Pitch Counts at Koshien

» 28 August 2009 » In amateur baseball, international baseball, Koshien, pitching »

The response we received to my recent article about pitch counts reaffirmed to me that the subject is of interest to baseball fans. To continue on the topic, I will take a look at the Koshien High School Tournament, which is known to be grueling for pitchers.

49 teams representing each prefecture (Tokyo and Hokkaido with two each) qualify for the single-elimination tournament. There was a total of 48 games in the tournament. In those 48 games, 48 complete games were thrown. Naoki Itoh from runner-up Nippon Bunri was the hardest-working pitcher this year, throwing five total complete games including the final and averaged for 131 pitches per game. In the 48 complete games thrown, pitchers averaged a total of 127.88 pitches per game.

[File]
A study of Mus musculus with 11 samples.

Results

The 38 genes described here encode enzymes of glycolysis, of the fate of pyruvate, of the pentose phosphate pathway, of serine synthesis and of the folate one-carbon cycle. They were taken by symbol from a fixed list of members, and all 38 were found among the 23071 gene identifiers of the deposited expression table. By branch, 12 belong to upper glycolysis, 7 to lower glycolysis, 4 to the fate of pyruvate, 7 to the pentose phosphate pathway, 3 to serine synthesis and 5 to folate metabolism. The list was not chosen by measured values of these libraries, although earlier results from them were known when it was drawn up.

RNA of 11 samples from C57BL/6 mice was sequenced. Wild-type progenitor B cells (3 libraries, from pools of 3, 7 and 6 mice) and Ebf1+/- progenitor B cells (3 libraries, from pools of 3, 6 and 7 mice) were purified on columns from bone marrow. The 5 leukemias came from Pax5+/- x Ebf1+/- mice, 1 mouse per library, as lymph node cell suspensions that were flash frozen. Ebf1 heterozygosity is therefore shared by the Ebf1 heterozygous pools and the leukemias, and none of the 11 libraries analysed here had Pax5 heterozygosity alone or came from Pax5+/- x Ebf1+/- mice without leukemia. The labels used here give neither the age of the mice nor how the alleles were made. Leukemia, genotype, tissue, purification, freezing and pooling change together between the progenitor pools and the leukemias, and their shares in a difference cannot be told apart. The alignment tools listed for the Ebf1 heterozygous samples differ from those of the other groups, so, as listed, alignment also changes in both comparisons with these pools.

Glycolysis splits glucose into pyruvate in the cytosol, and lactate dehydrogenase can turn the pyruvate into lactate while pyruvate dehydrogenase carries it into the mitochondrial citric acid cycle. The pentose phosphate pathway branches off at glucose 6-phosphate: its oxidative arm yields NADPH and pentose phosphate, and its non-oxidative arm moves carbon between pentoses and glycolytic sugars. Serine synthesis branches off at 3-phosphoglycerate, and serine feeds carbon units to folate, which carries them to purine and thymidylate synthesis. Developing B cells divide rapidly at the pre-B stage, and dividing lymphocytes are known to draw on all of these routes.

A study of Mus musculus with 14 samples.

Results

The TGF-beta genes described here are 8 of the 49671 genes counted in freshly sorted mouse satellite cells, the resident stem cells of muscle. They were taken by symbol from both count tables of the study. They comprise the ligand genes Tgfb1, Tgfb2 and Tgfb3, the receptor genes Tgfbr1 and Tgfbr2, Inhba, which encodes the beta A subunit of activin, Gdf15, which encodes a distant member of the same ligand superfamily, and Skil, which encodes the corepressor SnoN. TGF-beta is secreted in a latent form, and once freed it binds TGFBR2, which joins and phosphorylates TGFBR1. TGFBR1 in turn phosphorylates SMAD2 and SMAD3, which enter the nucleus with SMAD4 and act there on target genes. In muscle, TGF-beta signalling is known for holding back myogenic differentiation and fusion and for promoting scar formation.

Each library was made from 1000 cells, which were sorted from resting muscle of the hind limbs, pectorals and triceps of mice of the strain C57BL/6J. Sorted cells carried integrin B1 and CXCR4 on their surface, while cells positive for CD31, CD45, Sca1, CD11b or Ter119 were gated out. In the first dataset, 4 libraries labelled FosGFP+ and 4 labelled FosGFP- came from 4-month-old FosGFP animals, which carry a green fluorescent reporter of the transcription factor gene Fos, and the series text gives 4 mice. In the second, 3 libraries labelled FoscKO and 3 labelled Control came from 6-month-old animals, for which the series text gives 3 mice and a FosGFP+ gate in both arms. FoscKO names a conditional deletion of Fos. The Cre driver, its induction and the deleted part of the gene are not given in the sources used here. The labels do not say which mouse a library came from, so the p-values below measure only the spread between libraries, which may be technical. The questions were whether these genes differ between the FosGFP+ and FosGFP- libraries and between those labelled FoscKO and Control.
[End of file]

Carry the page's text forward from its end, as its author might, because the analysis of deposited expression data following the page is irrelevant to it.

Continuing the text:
The most grueling game of the tournament was thrown by Hayato Shoji (Tokoha Gakuen Tachibana), who already had two complete games in the books when he threw 211 pitches in a twelve inning game. Ironically, Shoji had the most efficient complete game as well, with a 98-pitch effort. The face of this year’s tournament, Yusei Kikuchi of Hanamaki Higashi, threw three complete games (124, 118, 125 pitches) and was looking for more until he started suffering from back pain.

The Koshien Tournament is always an emotional dramatic event, but is it safe for pitchers such as Shoji to be throwing that much? There are handful of promising pitchers in the Koshien Tournament who will make it to the professional stage and may develop into key players in NPB or even the majors. Even though the injury suffered by Kikuchi does not look serious, evaluating a limit on  pitch counts at a high school tournament where the top teams will play up to six games in the fifteen days should be something we should consider about thinking about the future that lies for the face of Japanese baseball.